The Northern Lights (Aurora Borealis) is a natural phenomenon where you see colourful lights of green, blues and sometimes red in the clear, night sky. Since it is a natural phenomenon, sightings of the Northern Lights are not guaranteed. However, if you read on and follow my tips, you may have a higher chance of getting lucky! We saw the Northern Lights on the first night of our tour and we think it is because of our careful planning and research!

On the way to see the Northern Lights!
On the way to see the Northern Lights!

We visited Iceland with my Aunt and cousin. They were on a Eurotrip and decided to join us so without giving it much thought, they trusted our instincts to travel to Iceland at the beginning of December and it paid off.

Tips for seeing the Northern Lights

When we booked our trip, we considered the following:

    1. Reduced Light Pollution: The lights are most visible when there is minimal to zero light pollution. We stayed in the city of Reykjavik, Iceland, but booked a tour that would take us out of the city into areas where we are most likely to see the Northern Lights. We selected a coach tour due to my pregnancy, but there are various tours available.
    2. No Moon: We booked the tour when there was likely to be a new moon (i.e. when the moon is not visible). This results in less light pollution and a higher probability of seeing the Northern lights.
    3. Clear Skies: The lights are also only visible when the sky is clear i.e. no cloud coverage, snow or rain. Since weather in winter is unpredictable, try to book at least 3 days in Iceland to give yourself a better chance of experiencing good weather conditions for seeing the Norther Lights. Don’t worry about being bored because there is so much to do in Iceland in the meantime – horse back riding, snow-mobiling, geyser watching, glacier hiking etc! I actually want to return again one day!
    4. Months to travel: November to March is the best time to travel to Iceland for the Northern lights because it is winter time and the sun goes down early.
    5. Camera Settings are important: We saw the Northern Lights in two locations and sometimes your camera may not capture what your eyes can see and vice versa (more about that later)! If you have an automatic point-and-shoot camera like we do, here are the best camera settings for capturing the Northern Lights: ISO 800-1600, Exposure of 15 seconds. Bring a tripod! Our photos would have looked less blurry if we had thought of this earlier.

We saw the Northern Lights on Day 1 of our Tour!

As I mentioned earlier, we saw the Northern Lights on day 1 of our tour and with careful planning, I think you can too.

During the day, we spent the day on another tour. I will tell you more about that tour later but it took us to parts of Iceland where the cloud coverage was 100%. Now, if you read my tips above, you’ll realise that 100% cloud coverage is not ideal weather conditions for the Northern Lights.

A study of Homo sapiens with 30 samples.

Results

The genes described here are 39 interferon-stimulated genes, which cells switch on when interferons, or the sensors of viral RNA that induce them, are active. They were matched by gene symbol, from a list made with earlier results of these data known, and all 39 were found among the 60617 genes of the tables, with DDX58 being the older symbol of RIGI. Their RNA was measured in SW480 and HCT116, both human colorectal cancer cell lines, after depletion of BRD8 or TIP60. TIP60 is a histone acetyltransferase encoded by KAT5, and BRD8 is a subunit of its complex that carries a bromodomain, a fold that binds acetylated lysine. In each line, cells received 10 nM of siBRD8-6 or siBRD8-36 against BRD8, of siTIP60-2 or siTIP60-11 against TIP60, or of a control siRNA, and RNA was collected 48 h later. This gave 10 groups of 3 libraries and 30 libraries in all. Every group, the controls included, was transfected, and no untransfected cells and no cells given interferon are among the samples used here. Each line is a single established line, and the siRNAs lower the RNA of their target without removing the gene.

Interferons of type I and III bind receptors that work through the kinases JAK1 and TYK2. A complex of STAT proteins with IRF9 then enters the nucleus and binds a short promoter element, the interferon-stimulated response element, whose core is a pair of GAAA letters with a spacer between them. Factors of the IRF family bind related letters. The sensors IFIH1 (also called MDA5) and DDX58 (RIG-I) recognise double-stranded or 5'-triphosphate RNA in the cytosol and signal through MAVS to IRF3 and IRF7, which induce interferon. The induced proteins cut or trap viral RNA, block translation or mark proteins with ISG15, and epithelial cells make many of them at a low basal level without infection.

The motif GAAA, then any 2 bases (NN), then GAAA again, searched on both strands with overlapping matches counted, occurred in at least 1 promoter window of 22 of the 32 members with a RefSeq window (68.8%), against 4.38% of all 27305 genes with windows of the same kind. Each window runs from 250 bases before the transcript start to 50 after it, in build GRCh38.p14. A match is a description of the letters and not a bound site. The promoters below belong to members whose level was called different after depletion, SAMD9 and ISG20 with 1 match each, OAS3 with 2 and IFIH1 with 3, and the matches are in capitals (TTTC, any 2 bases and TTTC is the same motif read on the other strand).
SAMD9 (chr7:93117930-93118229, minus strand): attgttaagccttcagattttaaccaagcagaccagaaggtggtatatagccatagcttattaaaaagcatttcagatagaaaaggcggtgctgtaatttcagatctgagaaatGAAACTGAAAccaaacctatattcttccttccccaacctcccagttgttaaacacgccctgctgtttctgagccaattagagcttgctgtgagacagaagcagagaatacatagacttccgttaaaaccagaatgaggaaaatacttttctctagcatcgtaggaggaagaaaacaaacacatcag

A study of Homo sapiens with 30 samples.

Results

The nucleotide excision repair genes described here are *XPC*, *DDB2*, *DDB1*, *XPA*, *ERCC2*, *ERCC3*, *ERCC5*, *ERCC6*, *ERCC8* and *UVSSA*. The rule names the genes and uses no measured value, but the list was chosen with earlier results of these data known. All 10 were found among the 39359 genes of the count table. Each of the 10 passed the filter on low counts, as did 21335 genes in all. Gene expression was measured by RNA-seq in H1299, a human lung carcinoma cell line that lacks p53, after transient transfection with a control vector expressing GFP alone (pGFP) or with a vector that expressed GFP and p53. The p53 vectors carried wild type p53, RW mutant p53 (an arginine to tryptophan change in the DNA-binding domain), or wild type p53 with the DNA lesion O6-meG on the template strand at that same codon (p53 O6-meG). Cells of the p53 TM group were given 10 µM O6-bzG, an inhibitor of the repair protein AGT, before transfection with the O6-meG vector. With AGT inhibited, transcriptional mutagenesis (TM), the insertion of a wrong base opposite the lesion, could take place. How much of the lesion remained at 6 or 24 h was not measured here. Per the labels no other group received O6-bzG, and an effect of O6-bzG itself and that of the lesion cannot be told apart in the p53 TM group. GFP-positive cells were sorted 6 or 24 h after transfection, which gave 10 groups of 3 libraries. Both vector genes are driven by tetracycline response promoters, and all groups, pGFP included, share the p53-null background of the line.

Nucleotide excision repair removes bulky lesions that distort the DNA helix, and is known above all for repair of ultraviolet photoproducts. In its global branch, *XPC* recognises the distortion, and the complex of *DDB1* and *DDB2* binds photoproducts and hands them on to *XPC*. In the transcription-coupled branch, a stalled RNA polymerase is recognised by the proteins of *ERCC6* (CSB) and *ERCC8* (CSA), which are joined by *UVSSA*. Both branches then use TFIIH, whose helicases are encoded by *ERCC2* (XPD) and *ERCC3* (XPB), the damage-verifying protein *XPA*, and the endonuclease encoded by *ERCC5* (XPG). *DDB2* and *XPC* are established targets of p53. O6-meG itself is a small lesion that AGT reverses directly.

Then it started to snow and rain over a period of a few hours. Also not great conditions to see the Northern Lights.

This did not discourage us. We knew that weather conditions in Iceland could change quickly and as we sat in the air-conditioned coach, it did. The sky was black as ebony and we could clearly see stars above us. There was not a cloud to be seen.

Location 1: Seeing the Northern Lights

The coach tour was exhausting especially when we reached the first location. We were rugged up but nothing could have prepared my cousin and Aunt for the immense cold (they are from Australia). Rick and I had lived in London long enough to at least expect such cold conditions. There we stood and waited to see a glimpse of the Northern Lights.

As we looked up at the sky we could see lights forming above us. They were shades of grey at first and that was because the lights were not so strong. It was beautiful but nothing like the photos I had seen on the Internet. We took some amazing photos but our naked eyes could only see the shades of grey with slight hints of colour.

I love this picture below which captured another person trying to take a picture, just as a car drove past!



I slept on the bus until the I heard the tour guide talk louder than usual, telling us to exit the bus. I ran out of the bus and it was there that we saw the Northern Lights in its full glory. The tour guide had spotted the lights as she was looking out the window and wanted us to catch a glimpse of them. The colours were magnificent. Just above us was a streak of green and blue light, almost as if someone had taken a paint brush and painted the sky with gorgeous colours.




Check out the photos below and let me know what you think of the Northern Lights.


  • Read more about the Northern Lights (Aurora Borealis) here.
  • The Ultimate Guide to seeing the Aurora Borealis here.
  • If you want to book the same coach tour as me, check it out here. However, I only booked this because I was pregnant and it was safer. I would have preferred a jeep tour which would have been adventurous!